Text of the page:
Reaching Maturity: Analytics Is Only as Good as Its Data

Creating Competitive Advantage through Analytics Is Difficult Both to Achieve and Sustain
Data & Artificial Intelligence

Data science is said to be one of the sexiest jobs on the planet, so why does little physical evidence exist of brands mastering its application to their business practices?

There has never been a better time to be a data analyst. There has never been more data. There has never been more boardroom attention. There has never been more human interest in both our own data and that of other people.

So, for all the talk of geeks inheriting the earth and Harvard Business School proclaiming data science to be the sexiest job on the planet, why is it that little physical evidence exists of brands mastering the application of data analysis to their business practices? Even Tesco, perhaps the brand most synonymous with data analytics, has not been immune to market forces driving down both its market share and stock price over the past five years.

Creating competitive advantage through analytics is difficult both to achieve and sustain. Leadership is a critical issue. The person accountable for analytics within an organization often does not hold a decision-empowered position or is not connected enough to make an impact on business strategy. A second issue is one of adoption. Having the correct strategy and gaining broad-based adoption of it are two separate issues. A third issue is one of transformation. Few companies can communicate the process of how they turn data into information, information into insight and insight into action.

A model for success

It starts with consultancy. Before anybody starts adding up all the ones and zeros, or working out how to tag a mobile app with tracking code, SapientNitro works collaboratively with our clients to determine the scope and shape of analytics services that will succeed within their corporate culture and service their business needs. Broadly speaking, there are three target operating models that data analytics functions might form. Each has its strengths and weaknesses, and it is often the culture, not strategy, of the business that dictates which solution is most appropriate.

The centralized model benefits from having only one point of failure, easy knowledge sharing and the most latitude for capacity planning. However, centralized teams risk creating a bottleneck and making prioritization of projects more political. Conversely, the decentralized model benefits from implanting knowledge at the point of use and giving individual business units full autonomy. However, this model hinders knowledge sharing and risks effort duplication. In the middle stands the hub and spoke model, which is usually the most popular, trading off the positives of the other options while minimizing the negatives.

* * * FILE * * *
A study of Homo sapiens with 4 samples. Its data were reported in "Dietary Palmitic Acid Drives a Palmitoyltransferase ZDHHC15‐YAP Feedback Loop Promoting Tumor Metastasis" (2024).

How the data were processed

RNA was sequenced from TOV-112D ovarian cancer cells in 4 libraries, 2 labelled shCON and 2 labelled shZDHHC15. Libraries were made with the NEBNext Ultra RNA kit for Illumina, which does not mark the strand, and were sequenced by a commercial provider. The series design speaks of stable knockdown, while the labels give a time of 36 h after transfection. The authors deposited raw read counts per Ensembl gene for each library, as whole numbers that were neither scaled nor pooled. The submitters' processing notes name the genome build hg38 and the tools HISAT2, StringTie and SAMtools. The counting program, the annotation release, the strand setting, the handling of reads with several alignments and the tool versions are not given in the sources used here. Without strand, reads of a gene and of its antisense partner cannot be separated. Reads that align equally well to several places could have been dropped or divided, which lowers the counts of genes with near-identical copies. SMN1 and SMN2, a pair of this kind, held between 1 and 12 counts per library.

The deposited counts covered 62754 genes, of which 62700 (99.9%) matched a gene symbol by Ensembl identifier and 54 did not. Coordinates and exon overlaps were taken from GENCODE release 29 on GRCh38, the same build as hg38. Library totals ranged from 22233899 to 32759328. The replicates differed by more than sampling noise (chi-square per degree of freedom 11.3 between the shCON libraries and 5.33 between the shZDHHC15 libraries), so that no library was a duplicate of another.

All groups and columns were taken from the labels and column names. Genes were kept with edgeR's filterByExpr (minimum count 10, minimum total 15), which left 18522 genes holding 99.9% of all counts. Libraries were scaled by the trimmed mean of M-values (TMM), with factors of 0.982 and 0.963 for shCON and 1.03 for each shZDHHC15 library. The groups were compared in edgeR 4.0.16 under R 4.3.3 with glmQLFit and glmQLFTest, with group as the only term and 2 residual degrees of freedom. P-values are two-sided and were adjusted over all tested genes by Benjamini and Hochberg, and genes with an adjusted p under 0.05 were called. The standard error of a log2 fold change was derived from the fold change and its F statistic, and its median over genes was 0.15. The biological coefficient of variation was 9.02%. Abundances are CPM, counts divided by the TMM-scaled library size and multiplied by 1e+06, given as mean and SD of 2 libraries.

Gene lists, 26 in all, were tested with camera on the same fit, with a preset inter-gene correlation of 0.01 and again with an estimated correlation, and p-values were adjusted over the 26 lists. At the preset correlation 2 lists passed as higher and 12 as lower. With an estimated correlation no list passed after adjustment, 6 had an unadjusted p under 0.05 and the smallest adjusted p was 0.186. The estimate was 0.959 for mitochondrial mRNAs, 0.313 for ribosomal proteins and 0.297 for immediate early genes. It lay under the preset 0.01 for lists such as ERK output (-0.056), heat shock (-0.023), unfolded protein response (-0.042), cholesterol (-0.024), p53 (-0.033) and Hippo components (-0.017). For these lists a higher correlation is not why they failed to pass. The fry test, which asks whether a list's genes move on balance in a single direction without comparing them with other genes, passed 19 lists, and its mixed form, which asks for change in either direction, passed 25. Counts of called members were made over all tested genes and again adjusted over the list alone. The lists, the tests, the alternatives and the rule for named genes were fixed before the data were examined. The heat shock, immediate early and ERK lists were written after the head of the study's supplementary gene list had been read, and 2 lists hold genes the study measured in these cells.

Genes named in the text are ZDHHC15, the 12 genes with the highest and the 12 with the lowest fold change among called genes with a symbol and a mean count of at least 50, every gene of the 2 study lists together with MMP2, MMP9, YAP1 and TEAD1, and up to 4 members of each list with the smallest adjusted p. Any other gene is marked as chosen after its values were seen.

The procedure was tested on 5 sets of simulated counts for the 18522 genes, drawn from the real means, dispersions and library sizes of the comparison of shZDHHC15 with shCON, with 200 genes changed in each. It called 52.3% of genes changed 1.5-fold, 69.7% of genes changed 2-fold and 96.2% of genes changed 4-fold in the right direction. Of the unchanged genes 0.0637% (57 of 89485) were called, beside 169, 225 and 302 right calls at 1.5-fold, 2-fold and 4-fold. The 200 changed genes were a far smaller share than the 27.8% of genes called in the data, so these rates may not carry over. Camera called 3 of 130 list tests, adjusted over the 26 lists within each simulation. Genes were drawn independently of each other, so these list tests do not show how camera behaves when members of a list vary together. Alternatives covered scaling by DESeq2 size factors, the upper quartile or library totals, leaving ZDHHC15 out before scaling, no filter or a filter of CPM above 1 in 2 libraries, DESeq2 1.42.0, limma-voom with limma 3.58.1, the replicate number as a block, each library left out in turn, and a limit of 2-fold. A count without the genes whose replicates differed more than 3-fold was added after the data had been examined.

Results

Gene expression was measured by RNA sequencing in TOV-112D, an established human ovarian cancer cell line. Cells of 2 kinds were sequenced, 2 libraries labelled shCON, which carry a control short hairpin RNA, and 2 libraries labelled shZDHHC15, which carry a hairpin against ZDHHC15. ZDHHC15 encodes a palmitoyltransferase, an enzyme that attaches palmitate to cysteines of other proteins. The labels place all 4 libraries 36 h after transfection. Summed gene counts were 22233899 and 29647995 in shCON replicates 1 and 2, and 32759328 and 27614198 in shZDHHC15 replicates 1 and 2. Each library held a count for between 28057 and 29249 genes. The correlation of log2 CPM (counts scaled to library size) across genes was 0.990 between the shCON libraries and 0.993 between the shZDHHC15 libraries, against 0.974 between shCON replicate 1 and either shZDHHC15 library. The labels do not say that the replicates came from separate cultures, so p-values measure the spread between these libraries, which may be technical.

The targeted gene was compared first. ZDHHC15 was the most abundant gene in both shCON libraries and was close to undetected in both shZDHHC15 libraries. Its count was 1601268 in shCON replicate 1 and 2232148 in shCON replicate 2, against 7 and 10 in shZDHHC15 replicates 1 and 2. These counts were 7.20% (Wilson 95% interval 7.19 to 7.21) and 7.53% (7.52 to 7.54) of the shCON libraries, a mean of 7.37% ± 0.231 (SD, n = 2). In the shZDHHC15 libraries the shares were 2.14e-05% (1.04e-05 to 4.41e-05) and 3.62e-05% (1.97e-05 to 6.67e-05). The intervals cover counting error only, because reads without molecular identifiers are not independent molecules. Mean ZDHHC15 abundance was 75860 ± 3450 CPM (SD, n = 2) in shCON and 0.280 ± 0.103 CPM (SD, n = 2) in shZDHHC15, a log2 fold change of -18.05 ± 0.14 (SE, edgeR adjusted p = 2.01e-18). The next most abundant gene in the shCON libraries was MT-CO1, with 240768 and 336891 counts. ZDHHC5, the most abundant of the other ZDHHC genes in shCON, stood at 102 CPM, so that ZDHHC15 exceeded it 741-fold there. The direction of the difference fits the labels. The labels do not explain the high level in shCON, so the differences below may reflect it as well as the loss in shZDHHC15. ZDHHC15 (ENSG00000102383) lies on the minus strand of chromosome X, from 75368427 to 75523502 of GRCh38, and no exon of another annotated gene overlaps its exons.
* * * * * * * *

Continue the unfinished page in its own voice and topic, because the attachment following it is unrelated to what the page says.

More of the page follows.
Having a clear target operating model with a widely communicated purpose is a key driver of success. Yet leaders in the field of analytics go further. They understand their investments in analytics, from direct labor costs and software to licensing and agency fees. They also know what commercial impact this work delivers and can, therefore, set their level of investment intelligently. Without this appreciation, data analytics is doomed to remain a cost center, missing out on the link to revenue growth. This explains why many client analytics departments are fundamentally understaffed, and why companies like us provide analytics services in such volume.

The Analytics Value Chain

The diversity of types of analytics from advertising effectiveness to experience optimization to business cases for digital transformation is significant, as is the breadth of techniques applied to solve a vast array of commercial problems. SapientNitro has developed a unifying framework of analytics that we refer to as “The Analytics Value Chain.”

In this value chain, there are five incremental steps to achieving the highest levels of analytics maturity:

  • Instrumentation: The foundation
    How to capture data from networks, interactions and behavior.
  • Reporting: Too often a placebo
    How to organize data into information.
  • Analysis: Real value creation begins here
    How to generate insights from data.
  • Optimization: Programs of change
    How to programmatically apply insights and fine-tune the process.
  • Advanced analytics: Seeing what isn’t there
    How to innovate and apply more advanced concepts (multi-variate statistics, machine learning, algorithmic work) to push analytics into new territories.

Realizing your potential

The promise of data analytics is real. And data analytics as a driver of growth is here to stay. Bridging the gap between the promise and value realization is best achieved by a systematic approach. Linking effort to commercial outcome and implementing analytics across the entire value chain provide the best chances for success. But in order to achieve success, you need to set yourself up for it. This means not only ensuring that analytics is plugged into the highest levels of your organization, but also appropriating data-driven decision-making as a company-wide issue and adoption measurement as a key metric of success.

To read more about each of the links in the Analytics Value Chain and see exemplary cases of application from our industry, be sure to download the full article PDF below.